BMW is planning to have 25 electrified vehicles in 2023 and more than half of them will be fully electric.
Despite this, the company isn’t giving up on petrol and diesel engines. Speaking to Automotive News at the sidelines of their #NEXTGen event, BMW development boss Klaus Fröhlich said the internal combustion engine isn’t going away anytime soon.
As he explained, “A best assumption of 30 percent of electrified sales by 2025 means that at least 80 percent of our vehicles will have an internal combustion engine.” He went on say the company believes diesel engines will be around for at least 20 more years, while petrol engines should stick around for at least three more decades.
While BMW is going electric, Froelich says the shift is “overhyped.” In particular, he believes a number of markets won’t embrace electric or electrified vehicles for well over a decade. He noted a lack of charging infrastructure could mean Russia, the Middle East and parts of China continue to rely on petrol engines for another 10-15 years. He also believes electric vehicles won’t become mainstream in the United States as they’ll only be popular on the East and West Coast.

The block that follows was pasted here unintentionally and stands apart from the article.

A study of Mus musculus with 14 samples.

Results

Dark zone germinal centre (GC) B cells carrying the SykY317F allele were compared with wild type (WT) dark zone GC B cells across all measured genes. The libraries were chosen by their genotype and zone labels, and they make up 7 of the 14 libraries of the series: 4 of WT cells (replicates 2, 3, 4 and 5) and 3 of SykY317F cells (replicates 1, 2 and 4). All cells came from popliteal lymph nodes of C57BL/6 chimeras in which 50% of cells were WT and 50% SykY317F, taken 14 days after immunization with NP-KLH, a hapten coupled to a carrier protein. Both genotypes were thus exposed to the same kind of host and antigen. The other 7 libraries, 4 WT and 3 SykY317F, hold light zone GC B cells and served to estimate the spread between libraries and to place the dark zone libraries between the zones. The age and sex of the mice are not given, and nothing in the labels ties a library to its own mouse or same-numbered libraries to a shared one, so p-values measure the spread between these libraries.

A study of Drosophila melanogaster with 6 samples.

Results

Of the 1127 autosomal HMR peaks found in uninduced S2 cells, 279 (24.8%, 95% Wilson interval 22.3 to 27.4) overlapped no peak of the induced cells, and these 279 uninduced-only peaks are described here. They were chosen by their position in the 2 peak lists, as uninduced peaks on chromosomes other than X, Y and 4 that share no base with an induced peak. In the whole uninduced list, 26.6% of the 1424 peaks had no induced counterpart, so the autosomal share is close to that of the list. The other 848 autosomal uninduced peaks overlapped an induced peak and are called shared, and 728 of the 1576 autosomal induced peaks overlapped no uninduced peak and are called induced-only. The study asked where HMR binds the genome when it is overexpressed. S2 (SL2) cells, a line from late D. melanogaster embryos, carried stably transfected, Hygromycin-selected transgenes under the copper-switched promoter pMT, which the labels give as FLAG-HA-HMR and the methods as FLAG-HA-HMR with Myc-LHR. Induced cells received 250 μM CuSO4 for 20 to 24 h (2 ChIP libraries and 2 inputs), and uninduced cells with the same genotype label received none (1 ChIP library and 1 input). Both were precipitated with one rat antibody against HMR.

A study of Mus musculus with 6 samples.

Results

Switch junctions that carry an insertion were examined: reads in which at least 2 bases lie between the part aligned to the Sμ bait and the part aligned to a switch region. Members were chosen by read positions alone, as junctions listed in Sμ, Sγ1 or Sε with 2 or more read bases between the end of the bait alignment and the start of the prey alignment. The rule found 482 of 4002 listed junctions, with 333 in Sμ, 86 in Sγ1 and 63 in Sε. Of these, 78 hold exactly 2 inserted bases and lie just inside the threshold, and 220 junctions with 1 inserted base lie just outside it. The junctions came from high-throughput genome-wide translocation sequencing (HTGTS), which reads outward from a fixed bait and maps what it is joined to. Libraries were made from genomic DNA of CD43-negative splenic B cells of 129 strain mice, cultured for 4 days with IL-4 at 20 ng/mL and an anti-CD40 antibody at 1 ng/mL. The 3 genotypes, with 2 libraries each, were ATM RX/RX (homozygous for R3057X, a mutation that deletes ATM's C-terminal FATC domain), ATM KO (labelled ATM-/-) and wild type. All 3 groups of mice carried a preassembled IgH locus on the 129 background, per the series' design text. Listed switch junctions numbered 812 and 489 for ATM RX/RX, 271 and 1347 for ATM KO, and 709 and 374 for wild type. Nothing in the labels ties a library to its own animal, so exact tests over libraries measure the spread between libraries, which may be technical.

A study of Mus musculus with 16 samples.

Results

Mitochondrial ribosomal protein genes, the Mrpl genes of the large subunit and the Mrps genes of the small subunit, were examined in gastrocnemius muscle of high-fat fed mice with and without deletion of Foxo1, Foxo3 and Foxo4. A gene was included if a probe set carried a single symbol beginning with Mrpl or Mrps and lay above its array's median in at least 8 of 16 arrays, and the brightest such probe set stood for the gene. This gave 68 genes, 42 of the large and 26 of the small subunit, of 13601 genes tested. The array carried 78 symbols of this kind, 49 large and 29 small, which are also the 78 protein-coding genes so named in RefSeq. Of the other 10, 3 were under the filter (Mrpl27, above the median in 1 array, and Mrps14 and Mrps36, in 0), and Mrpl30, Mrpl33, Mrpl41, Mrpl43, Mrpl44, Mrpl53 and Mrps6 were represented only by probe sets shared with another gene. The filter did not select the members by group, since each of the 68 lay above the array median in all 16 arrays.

Froelich also said EVs have a number of downsides including the fact that they cost more to produce than conventionally powered vehicles. This is due to their battery packs and the board member believes prices for raw materials used to create them could climb as demand increases.
Also Read: BMW Says It Doesn’t See A Future For Its V12 Engine
Despite sounds somewhat downbeat on electric vehicles, Froelich revealed a number of internal combustion engines will be dropped in the future. Among them are the 1.5-liter three-cylinder diesel and the quad-turbo 3.0-liter six-cylinder diesel in the 750d. The V12 is also getting the axe as the company only sells about 5,000 units annually and they have to be constantly updated to meet emission standards.